Written by: Claude L. King, Executive Contributor

Executive Contributors at Brainz Magazine are handpicked and invited to contribute because of their knowledge and valuable insight within their area of expertise.


Believe it or not, stress in the short term can be beneficial for you. The stress response primes your body to be able to respond, react, and process information very quickly. It gives us a boost of energy and allows us to combat the stressor. When the stressful situation passes, our stress hormones (cortisol & adrenaline) return to their baseline levels.

woman feeling sick and suffering from a headache, massaging forehand to relieve the pain, sitting on the bed.

But what happens if these elevated levels of stress hormones do not dissipate? This is when it becomes problematic! We all deal with stressful situations on a daily basis such as work, raising children, unexpected expenses, relationships, and occasional health issues. This is called normal stress. We are equipped at managing normal stress using a variety of different methods. Whether that be exercise, resting, talking to a supportive friend or family member, going on vacation, or taking deep, controlled breaths. But when stress overwhelms the body’s ability to cope, this will lead to traumatic stress. Traumatic stress, especially if it is chronic or ongoing, can cause considerable damage to the mental, emotional, and physical well-being of an individual. Your body is not equipped to operate with elevated levels of stress for prolonged periods of time. If you are not able to find healthy ways to return your body to baseline, you can become sick!

Chronic stress can cause you to develop PTSD, Depression, and Anxiety Disorders. But it goes deeper than that… It causes inflammation in the body and affects your muscle-skeletal system, respiratory system, cardiovascular system, digestive system, and reproductive health. What happens next is your body tries to find ways to attack and eliminate these bodily stressors. Occasionally the body becomes confused and will start to attack itself leading to the development of autoimmune diseases like: Type 1 diabetes, Rheumatoid arthritis (RA), Psoriasis/psoriatic arthritis, Multiple sclerosis, Lupus, Inflammatory bowel disease (IBD), Graves’ disease, and Multiple sclerosis (MS) to name a few. In addition, chronic stress promotes the growth and spread of cancer, especially ovarian, breast, colorectal, and prostate cancer, as well as tumors and growths in the body.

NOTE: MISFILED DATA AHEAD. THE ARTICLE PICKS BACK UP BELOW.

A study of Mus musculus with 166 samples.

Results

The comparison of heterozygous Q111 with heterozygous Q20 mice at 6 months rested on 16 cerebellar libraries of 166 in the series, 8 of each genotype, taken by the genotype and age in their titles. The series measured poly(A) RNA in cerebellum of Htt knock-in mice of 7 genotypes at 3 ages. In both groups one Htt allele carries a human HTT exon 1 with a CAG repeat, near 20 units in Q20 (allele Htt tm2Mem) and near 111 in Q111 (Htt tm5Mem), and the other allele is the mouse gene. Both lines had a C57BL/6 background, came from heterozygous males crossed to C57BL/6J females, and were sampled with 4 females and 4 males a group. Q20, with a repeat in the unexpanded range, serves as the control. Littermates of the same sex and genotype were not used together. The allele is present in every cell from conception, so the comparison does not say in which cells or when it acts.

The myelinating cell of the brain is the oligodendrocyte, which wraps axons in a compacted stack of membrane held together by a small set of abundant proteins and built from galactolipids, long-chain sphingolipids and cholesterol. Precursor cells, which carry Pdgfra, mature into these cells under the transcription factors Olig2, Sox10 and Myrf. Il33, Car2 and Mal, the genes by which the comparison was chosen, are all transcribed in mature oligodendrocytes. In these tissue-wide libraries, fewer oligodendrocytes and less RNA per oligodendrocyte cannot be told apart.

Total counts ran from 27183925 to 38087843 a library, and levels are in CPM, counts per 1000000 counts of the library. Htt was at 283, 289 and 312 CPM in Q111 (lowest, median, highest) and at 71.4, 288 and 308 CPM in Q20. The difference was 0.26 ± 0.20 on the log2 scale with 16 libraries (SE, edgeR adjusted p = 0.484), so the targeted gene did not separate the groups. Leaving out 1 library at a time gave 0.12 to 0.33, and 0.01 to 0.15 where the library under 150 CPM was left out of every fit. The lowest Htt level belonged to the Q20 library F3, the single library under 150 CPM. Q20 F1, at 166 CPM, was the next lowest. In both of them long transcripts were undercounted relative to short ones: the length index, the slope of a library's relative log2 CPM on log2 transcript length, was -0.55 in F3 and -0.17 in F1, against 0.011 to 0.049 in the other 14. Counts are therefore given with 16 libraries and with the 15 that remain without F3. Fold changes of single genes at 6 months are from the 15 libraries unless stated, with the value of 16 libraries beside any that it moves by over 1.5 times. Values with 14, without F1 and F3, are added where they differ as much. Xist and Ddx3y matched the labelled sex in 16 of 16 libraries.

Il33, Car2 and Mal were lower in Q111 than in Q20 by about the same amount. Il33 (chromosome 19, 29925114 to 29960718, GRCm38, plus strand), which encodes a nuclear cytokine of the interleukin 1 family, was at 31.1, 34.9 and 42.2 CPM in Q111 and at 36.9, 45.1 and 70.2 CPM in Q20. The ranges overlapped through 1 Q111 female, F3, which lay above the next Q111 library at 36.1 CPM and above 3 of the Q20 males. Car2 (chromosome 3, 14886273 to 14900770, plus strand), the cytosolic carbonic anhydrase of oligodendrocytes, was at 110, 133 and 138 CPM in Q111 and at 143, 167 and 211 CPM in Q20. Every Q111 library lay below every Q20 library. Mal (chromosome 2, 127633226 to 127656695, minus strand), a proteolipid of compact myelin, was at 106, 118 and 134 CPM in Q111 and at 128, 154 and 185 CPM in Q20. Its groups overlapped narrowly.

So, what do we do?! There are several things we can do to combat the physiological consequences of chronic stress. If you have been stressed about something for several weeks and it is not going away, it is time to take it make it a priority. If you are not talking to a therapist already, it is time to start. If your stress is work-related, reach out to your supervisor and explain how you have been feeling. See if a temporary lessening of workload may be possible. If not, prioritize taking time off work. This can be a couple of days or extended leave which is determined by how serious the issue is. Many people are interested in medication such as anti-depressants and anti-anxiety. Medication is a helpful tool, but it should never be solely relied on. Medication makes the symptoms more bearable but does not address the source of the stress. It is the equivalent of putting a brace on a broken leg to help you walk. You may be able to move around but the break will not heal properly until you receive surgery.

When visiting your PCP due to a medical issue, do not forget to mention the stressors you are experiencing as well as they may be interconnected. Throughout the week, make time for self-care. Disconnect from electronic devices and other things that are addicting and distracting. Make time for peace, quiet time, and presence. This time is essential for helping the body self-regulate. It helps our minds and body to maintain a healthy equilibrium.

Our society prioritizes, work, making money, and being there for everybody during their time of need. We are really doing ourselves a disservice by neglecting our mental health which is causes us to get sick. So, I hope that reading this article will encourage you to make mental health a daily priority.


Claude L. King is a Licensed Clinical Professional Counselor and is the owner of CK Psych PLLC, a therapy practice located in Chicago, Illinois. In addition, Claude serves as an Employee Assistance Consultant for corporate clients providing short-term consultations and corporate-wide trainings in the areas of mental health, wellness, and other issues that impact work performance. His passion is to advocate, promote, and increase access of mental health services, especially within marginalized communities. Throughout his career as a clinical therapist, Claude has provided individual, group, and couples therapy for those impacted by traumatic stress, community violence, depression, anxiety, work stress, parenting stress, and issues affecting sexuality and intimacy. As a speaker, he has been featured on Newsy TV and served as a panelist for, Inc., Discover Financial, The Chicago Urban League, and various colleges and universities. His mantra is "Transformation Through Conversation."